You undoubtedly saw the GIF/video of the Iowa State student (see it below) throwing on a Tennessee basketball jersey over an Iowa State one at halftime of Saturday’s game.
He was a Twitter celebrity while the Vols throttled the Cyclones in the second half. While he might be now infamous in Ames, Vol fans, players and more are supporters.
Big Time Vol Fan 🤷🏾♂️ https://t.co/ACXDPNMgVj
— Admiral Schofield 🐺 (@admiralelite15) January 27, 2018
It be ya own bros 😂 https://t.co/5xptCnnnA5
— Kyle Alexander (@KyleJamal4) January 27, 2018
We caught up with the student, named Kyle, over the weekend. The Cyclones’ Benedict Arnold grew up in Arlington Heights, a northwest suburb in Chicago.
Kyle doesn’t have much of a tie to the Vols. Instead, his Tennessee fandom started as he watched ESPN growing up. One player in particular keyed his interest: Skylar McBee.
“Ever since then, just loved ‘em,” Kyle said of the Vols. “(McBee) and Wayne Chism — all the headbands they used back in the day.”
He applied to a host of colleges, the University of Tennessee-Knoxville included, but decided on Iowa State because the college was the best financial fit and offered him the best opportunities.
Since then, Kyle tried to adjust to Ames and become an Iowa State fan, but never could shake the Vols. Tennessee’s trip to Iowa State on Saturday inspired a simple idea: why not throw a Vols’ jersey on during the game if Tennessee gets up big?
“I called my friends, they thought it was pretty funny,” Kyle said. “I was pretty nervous.”
After Tennessee went into the locker room with an emphatic 31-19 halftime lead his “true colors” came out. Before the moment now famous to Knoxville and Ames’ Twitter worlds, Kyle wanted anything but Internet notoriety.
“I did not want to be caught on camera. I knew everyone else saw me, so I was fine,” he said. “I ref Ames Men’s League basketball and they gave me a bunch of crap there for bad calls, so I knew I was ready for the moment and getting ripped on.”
The immediate reactions were about how you’d expect: while his friends laughed, Iowa State students behind him jeered, some even waving as if to invite Kyle to a fight. Only four people knew the stunt was happening, but they were all in support around him for the big moment.
Unbeknownst to Kyle, so were plenty of Vols fans. He had more than four supporters after video of the shirt change went viral, and certainly more than his fair share of unhappy campers. NSFW language below.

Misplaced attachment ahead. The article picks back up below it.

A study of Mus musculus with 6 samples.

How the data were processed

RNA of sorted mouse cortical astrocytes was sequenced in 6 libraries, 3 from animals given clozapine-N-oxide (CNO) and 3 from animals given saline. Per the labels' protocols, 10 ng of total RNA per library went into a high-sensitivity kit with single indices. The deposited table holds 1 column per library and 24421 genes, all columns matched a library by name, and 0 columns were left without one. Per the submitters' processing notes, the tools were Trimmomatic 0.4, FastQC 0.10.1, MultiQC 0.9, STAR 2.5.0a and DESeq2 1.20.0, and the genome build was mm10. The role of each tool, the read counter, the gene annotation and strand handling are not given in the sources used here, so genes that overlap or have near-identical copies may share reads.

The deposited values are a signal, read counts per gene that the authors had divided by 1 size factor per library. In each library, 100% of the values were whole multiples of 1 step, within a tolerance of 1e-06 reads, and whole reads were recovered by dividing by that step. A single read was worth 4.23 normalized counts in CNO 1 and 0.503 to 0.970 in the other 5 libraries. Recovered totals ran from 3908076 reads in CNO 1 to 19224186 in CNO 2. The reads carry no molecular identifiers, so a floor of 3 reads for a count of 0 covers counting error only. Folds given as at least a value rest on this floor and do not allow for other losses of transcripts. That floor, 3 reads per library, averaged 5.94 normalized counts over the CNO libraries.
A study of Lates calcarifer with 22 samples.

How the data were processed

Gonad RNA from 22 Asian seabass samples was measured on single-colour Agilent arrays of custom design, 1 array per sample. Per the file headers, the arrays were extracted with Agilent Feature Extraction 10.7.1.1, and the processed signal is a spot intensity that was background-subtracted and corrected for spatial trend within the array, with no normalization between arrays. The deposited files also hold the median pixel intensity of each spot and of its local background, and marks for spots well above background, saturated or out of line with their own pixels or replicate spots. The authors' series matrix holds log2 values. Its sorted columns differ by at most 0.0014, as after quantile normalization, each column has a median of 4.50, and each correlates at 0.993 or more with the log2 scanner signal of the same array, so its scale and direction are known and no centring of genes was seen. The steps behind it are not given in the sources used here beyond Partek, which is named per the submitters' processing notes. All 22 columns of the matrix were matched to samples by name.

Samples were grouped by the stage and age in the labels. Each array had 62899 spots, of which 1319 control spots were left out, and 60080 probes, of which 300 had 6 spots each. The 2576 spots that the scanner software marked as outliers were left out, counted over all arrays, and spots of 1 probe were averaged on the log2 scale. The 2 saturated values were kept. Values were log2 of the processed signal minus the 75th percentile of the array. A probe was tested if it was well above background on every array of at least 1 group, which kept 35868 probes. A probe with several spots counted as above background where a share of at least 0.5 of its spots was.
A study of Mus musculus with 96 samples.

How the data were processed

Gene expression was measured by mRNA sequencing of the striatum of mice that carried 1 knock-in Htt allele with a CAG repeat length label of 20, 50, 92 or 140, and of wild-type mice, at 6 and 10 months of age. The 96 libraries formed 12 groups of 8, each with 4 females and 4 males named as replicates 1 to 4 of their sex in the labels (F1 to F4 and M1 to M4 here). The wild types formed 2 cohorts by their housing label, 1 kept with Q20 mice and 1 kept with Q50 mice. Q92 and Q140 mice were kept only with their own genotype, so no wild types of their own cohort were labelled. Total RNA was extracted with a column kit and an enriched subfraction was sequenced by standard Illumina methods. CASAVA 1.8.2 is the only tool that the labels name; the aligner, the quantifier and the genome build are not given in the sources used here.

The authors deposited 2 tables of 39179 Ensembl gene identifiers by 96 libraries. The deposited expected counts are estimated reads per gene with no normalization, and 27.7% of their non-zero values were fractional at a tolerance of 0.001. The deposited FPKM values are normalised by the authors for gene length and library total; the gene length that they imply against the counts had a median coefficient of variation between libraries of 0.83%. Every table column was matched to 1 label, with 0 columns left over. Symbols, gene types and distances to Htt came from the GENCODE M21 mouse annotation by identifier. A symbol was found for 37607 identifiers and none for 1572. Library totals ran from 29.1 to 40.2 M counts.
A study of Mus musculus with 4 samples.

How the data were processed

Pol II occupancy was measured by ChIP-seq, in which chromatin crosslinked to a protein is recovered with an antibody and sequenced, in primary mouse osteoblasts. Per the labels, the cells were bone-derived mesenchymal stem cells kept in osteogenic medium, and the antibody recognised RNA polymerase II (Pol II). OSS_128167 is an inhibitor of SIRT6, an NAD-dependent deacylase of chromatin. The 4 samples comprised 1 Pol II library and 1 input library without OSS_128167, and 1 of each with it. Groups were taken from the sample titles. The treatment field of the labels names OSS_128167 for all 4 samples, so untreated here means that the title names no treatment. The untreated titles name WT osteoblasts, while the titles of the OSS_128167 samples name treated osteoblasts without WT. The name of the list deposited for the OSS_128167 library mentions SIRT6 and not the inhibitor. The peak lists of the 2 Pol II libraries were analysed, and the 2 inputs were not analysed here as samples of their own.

The look from one student behind him says it all: his face shows a mix of discontent, frustration and helplessness. After building on a big halftime margin, the Vols’ lead never shrunk smaller than 16. In the meantime, Kyle’s phone was blowing up. His television appearance sparked texts, Snapchats and more from friends and family. Most were complimentary.
His mom, though?
“She was a little disappointed in me,” Kyle said with a laugh. “She thought it was hysterical that there were videos of me . . . It was her highlight of the game because Iowa State played so badly. She thought it was cool.”
After the jersey swap, he said the vibe from the Cyclone students was “hostile,” but that most were just sad about the game outcome. Some fans threw cups at him during a second-half bathroom trip.
In the waning minutes of the Vols’ win, Kyle rallied Iowa State students around him for one mission: Get Brad Woodson into the game.
“By the end of the game, we started a ‘We Want Brad!’ chant and everyone around me was doing that chant or ‘Let Brad Loose,'” Kyle said.
To his disappointment, Woodson never got any playing time. Kyle said the Tennessee bench kept his spirits up — when the Vols scored, players like Admiral Schofield and Grant Williams were pointing at him in appreciation and celebration. They even clapped along to the “We Want Brad” chants, he added.
After the game, Kyle waited a while leave Hilton Coliseum in order to avoid wading through a crowded, hostile crowd. Since Saturday, he’s spent plenty of time under a hood and behind sunglasses. However, the social media reaction from Tennessee fans and overall support has potentially inspired a follow-up performance.
“I’ve got a Tennessee football jersey too, so I might just become ‘Tennessee Guy’ and wear a Tennessee jersey to every single Cyclones game I go to from now on,” Kyle said.
He’s never attended a Tennessee football or basketball game in Knoxville, but he’s hoping too. He was in attendance for former Vols quarterback Josh Dobbs’ first and last starts — a 31-3 loss at Missouri in 2013 and a 38-24 win over Nebraska in the 2016 Music City Bowl.
As for basketball, he likes that Tennessee players under Rick Barnes hold themselves accountable for bad play or mistakes, even in a win. Does Barnes have his approval as the Vols’ head coach?
“He did until we started chanting at him and he didn’t put Brad Woodson in. Besides that, I think he’s an awesome coach.”